Tuesday 16 January 2018

Dear Mary: Our friend treats us like doormats and now she's off with new friends gone

Our reader has texted her friend many times to meet up. (Stock photo)
Our reader has texted her friend many times to meet up. (Stock photo)

Mary O'Conor

I am writing about an issue that has caused extreme upset to me and my close friend. The issue is our other close friend. The three of us have been close for a long time but for over a year our friend - let's call her Deirdre - has been treating us like doormats and constantly cancels on us. My other friend - whom I shall refer to as Aoife - has also noticed this, and it is so hurtful as we were once so close.

The three of us are professionals in our late 30s and early 40s and I'm married with family. We've all been there for each other through thick and thin. In the past year I've only met Deirdre twice - the last time was last October, not for want of trying on my part. Aoife last met Deirdre 17 months ago and there have been texts and Facebook correspondence between them but I'm not on Facebook.

I have texted so many times and tried to arrange to meet but it's impossible. Deirdre's elderly mother has become more frail and therefore she goes down the country to see her almost on a weekly basis. She works her shifts together to spend more time with her mother until she has to come back to Dublin to work. I totally understand that she is worried about her mother, and she spends a lot of time with the rest of her family who all live in her home county.

Deirdre was never reliable but has become worse of late. She cancelled me four times since Christmas, and I asked her last week if she didn't want to see me any more as I was just tired of trying to meet up and couldn't keep asking. She said she had explained her situation many times and that she was never in Dublin and that she needed time to herself too. She then said she would call to me before the weekend. I was thrilled and got food in only to be cancelled again the night before. I got a strange text saying she had to go to her brother's family to help them and that family will always come first and I wasn't to cry or give out, that she loved me and would see me when she got back. The next day she went away with two friends from her work to a luxurious getaway.

Myself and Aoife have never met these friends and we were hurt that she has managed to organise all this for herself and yet won't meet us even for a cup of coffee. Her text hurt so much as I saw myself as a sister to her. I'm very giving and would do anything for anyone.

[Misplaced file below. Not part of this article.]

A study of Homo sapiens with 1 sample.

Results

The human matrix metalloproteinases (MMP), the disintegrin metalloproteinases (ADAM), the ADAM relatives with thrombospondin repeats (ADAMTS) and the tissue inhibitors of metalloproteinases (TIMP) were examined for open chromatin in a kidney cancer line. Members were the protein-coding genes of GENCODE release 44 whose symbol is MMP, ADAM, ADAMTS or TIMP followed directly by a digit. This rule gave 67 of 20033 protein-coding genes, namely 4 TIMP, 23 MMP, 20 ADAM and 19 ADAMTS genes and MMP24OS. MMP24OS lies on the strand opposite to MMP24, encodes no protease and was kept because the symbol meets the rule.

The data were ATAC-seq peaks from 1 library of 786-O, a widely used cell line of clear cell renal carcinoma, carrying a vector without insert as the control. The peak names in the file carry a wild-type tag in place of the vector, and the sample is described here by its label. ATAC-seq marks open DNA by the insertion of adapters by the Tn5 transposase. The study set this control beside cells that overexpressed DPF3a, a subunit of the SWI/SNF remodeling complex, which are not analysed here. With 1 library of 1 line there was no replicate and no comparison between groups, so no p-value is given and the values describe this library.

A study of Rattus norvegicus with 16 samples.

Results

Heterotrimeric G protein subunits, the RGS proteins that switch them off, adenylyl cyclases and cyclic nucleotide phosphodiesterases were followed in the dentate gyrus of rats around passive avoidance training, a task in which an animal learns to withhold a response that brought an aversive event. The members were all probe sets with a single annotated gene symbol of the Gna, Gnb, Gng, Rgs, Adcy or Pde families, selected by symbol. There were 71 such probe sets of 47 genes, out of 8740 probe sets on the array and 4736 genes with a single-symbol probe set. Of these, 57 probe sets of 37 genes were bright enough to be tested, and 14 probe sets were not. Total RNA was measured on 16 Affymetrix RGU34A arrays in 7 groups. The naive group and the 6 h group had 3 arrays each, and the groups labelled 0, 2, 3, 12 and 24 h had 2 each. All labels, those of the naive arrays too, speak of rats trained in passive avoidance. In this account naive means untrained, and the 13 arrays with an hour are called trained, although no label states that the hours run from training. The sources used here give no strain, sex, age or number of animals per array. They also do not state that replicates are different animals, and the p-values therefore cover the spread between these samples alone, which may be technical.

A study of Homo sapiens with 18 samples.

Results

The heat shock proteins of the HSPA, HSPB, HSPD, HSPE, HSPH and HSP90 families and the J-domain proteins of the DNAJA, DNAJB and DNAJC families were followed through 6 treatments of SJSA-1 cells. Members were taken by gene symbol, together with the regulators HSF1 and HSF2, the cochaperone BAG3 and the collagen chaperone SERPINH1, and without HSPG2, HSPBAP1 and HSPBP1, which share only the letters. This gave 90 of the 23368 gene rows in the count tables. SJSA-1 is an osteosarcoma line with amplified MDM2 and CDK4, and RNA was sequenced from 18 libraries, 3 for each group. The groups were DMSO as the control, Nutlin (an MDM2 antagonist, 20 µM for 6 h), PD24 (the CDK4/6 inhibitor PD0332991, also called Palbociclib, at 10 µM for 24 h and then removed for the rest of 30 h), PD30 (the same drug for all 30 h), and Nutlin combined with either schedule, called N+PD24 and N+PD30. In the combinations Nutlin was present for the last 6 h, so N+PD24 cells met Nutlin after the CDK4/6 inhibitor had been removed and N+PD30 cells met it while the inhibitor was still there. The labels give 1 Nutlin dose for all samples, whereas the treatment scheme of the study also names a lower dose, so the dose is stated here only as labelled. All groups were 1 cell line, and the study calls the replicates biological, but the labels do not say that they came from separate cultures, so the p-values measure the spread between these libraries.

My husband says not to bother with her as he has seen how upsetting this whole saga has been. What do we do Mary? As I write this she is away on her luxury weekend with the new friends. We've tried to meet her so many times and it's the same thing - she's working, too tired, going home or going to help with family and this has been the final straw.

Mary replies:  Friends fall into two categories - those who are important to us at specific stages of our lives, and those with whom we are friends throughout our lives. We see a lot of the first category for as long as we share a common theme, such as small children, sports, hobbies or schools. Then our lives take a different direction, or we move, and we don't see as much of them as we did and we make new friends. We may not see our lifelong friends very much at certain periods, but we know that we can contact them and pick up where we left off without rancour on anybody's part. An old friend said to me one time, not having been in touch for quite a while: "just because I haven't been in touch doesn't mean I haven't been thinking of you" and I think that just about sums it up.

It sounds to me as if Deirdre has her hands full with her mother and family and that she welcomed the chance of getting away from it all for a few days. That doesn't mean that she thinks any less of you, it just means that she is at a different stage in her life than you are.

She is very obviously not to be relied on to keep dates, but she has always been like this. And while it was an inconvenience to have her cancel so very late the last time, it wasn't a huge crime. So try to keep smiling, welcome her the next time she contacts you, and if she doesn't, be assured that she will when the time is right for her. She just has different priorities right now. But old friends are best. Try to be non-judgmental and more accepting of her faults, and you will feel so much better.

You can contact Mary O’Conor anonymously by visiting www.dearmary.ie or email her at dearmary@independent.ie or write c/o 27-32 Talbot Street, Dublin 1. All correspondence will be treated in confidence. Mary O’Conor regrets that she is unable to answer any questions privately.